MONCKS CORNER, SC (News Release) – Berkeley County Supervisor Bill Peagler issued a policy directive last week to ensure that growth in Berkeley County is effectively managed through increased coordination between all appropriate entities and by maximizing development where infrastructure and utilities already exist.
“Since taking office, my Administration and I have been thinking about the best approach to encourage growth where infrastructure is already in place,” said Peagler. “Just as we are working hard to improve our road capacities and conditions, we are also working hard to better plan for growth and have more public input on growth in Berkeley County.”
In the policy directive sent to affected Berkeley County department directors, Peagler directed County officials to “work with the Berkeley County Council, the Berkeley County Planning Commission and the Berkeley-Charleston-Dorchester Council of Governments to build upon the existing Principal Growth Area so that it serves instead as a Principal Growth Boundary.”
The change from a Principal Growth Area to a Principal Growth Boundary “gives the designation some teeth,” said Peagler. “And the increased coordination with County departments, agencies, and area municipalities will ensure everyone has a seat at the table on the important discussion of growth outside of the Principal Growth Boundary.”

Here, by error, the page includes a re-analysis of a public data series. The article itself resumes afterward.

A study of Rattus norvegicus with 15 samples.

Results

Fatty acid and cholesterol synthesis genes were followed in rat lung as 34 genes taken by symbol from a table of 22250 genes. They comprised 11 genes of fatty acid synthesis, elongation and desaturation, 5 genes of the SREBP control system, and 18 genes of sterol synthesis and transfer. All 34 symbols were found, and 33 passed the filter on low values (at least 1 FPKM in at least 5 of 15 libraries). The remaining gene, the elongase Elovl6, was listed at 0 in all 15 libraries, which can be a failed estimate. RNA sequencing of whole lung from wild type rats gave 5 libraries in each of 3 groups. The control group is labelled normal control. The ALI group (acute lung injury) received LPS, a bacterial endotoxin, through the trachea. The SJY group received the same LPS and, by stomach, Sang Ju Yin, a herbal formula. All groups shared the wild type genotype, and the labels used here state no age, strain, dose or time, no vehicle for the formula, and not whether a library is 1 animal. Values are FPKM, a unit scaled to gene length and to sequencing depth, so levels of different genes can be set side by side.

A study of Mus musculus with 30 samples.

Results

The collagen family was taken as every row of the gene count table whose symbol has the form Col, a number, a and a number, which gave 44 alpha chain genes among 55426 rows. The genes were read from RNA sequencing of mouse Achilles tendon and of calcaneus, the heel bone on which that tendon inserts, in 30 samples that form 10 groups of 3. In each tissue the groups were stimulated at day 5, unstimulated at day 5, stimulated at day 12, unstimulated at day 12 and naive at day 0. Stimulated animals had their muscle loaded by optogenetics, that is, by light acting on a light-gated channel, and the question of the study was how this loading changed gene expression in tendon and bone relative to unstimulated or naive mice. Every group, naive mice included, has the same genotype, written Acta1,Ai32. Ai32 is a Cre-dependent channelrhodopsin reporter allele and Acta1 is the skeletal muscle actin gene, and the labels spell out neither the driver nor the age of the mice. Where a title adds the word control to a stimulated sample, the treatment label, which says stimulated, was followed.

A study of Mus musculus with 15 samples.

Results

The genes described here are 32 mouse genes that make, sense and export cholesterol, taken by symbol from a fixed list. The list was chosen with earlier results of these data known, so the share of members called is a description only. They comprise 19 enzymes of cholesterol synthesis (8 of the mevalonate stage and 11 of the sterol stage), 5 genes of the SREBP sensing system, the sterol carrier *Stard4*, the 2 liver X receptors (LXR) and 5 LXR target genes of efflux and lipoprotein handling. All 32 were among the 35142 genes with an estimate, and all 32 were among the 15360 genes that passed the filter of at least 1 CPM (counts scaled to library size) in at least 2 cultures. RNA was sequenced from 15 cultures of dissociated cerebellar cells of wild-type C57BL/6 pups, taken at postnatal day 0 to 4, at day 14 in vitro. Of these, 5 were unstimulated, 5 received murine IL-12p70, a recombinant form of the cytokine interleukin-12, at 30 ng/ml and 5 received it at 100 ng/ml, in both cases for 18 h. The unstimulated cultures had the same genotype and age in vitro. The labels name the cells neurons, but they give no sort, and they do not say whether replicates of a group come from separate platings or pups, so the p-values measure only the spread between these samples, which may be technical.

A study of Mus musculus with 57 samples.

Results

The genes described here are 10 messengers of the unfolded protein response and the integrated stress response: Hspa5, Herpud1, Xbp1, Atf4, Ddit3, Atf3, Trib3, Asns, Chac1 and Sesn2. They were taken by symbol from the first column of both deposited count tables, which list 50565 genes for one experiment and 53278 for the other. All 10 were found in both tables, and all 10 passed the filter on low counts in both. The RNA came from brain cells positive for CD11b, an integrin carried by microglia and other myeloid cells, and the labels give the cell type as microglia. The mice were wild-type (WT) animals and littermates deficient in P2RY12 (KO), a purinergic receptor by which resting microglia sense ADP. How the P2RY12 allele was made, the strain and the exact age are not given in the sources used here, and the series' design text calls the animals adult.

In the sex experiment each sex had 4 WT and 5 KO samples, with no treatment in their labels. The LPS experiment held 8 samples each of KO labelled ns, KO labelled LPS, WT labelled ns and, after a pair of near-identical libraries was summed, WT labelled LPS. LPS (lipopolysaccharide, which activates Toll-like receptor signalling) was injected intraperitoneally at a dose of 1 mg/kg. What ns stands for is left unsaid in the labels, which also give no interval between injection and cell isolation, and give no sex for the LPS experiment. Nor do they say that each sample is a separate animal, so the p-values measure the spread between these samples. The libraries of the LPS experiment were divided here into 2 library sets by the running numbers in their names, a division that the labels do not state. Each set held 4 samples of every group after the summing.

Peagler’s intentions are that any proposed expansion of the Principal Growth Boundary shall require an amendment to the Future Land Use Map and a public adoption process of staff review and recommendation, Planning Commission review and recommendation, and County Council adoption after three readings and public hearing.
The policy directive highlights that Supervisor Peagler encourages “commercial and industrial companies to locate high quality, well-paying jobs” in Berkeley County but that his focus is “not on adding significant new high-density residential development in rural Berkeley County that may threaten its distinctive character and result in the costly expansion of public infrastructure and utilities.”
“Berkeley County continues to be open for business, and Berkeley County continues to mean business,” said Peagler. “Berkeley County will continue to push for industrial and commercial growth, so our residents are able to live, work, raise a family and play here in Berkeley County. We want to make sure that our residents can continue to enjoy the beauty of rural Berkeley County.”